US President Trump’s withdrawal from the Iran nuclear treaty had little impact on US equities overnight but did manage to jolt the oil markets and encourage a brief flight into safe haven currencies. Despite a big build up to the announcement the markets have pretty much shrugged off the news, with Europe pointing to a rather lacklustre start.
The US pulling out of the agreement, will now almost certainly see Trump reimpose sanctions aimed at Iran’s oil industry, despite pleas from allies in Europe to preserve the deal. Oil markets experienced a roller coaster session in the lead up to the announcement amid rumours and second guessing as to what Trump’s decision would be. After falling 3% on false reports that Trump was looking to remain in the deal, crude rallied hard across the rest of the session, paring earlier losses and charging over into positive territory, above $70 per barrel once again. With Venezuela still firmly in crisis and now Iran potentially facing sanctions, we could easily find that plus $70 per barrel becomes the new norm in a market which has already been tightened by OPEC.
Flow Into Safe Havens Short Lived
Oil stole the show overnight but there was also a brief pick up of flows into safe have assets. Concerns over how Iran will respond to Trump’ provocation and the impact that the move will have on stability in the Middle East was sufficient to see investors jump into the yen, pulling USD/JPY down before dollar bulls and higher US 10-year yields drove the pair sharply northwards in the Asian session, targeting 110.00.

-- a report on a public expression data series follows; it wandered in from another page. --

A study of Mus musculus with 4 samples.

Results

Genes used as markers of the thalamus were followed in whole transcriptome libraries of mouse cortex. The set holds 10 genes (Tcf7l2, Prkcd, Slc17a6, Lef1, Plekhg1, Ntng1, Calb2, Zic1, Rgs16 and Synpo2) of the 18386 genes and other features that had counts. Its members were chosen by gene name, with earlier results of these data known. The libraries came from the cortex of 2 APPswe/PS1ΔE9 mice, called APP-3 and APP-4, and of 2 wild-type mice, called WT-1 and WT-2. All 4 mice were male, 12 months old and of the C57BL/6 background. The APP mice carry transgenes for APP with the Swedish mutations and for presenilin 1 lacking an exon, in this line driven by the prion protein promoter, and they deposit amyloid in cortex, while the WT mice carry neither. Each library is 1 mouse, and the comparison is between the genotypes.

Hard hand towards North Korea?
The move by Trump is a fresh blow to allies in Europe who had been trying to convince the US President to stay in the Iran deal and comes hot on the heels of the steel tariff issues with the EU. Trump is certainly leaving his mark as his US protectionist policies leave him driving a hard bargain. Most likely the same hard approach that we will see him take with North Korea when he meets Kim Jong-un.
Dollar Rally Continues
Amid all the drama the dollar remained well supported, dipping to 93.00 on optimism of Trump remaining in the deal, before charging to 93.2 overnight and looking to retest the earlier 4 ½ month high of 93.28. The stronger dollar and a sparse economic calendar have ensured that the pound and the euro continue to trade around multi month lows, although the pound bears have been unable to break $1.35 suggesting that the recent bear run could be losing steam.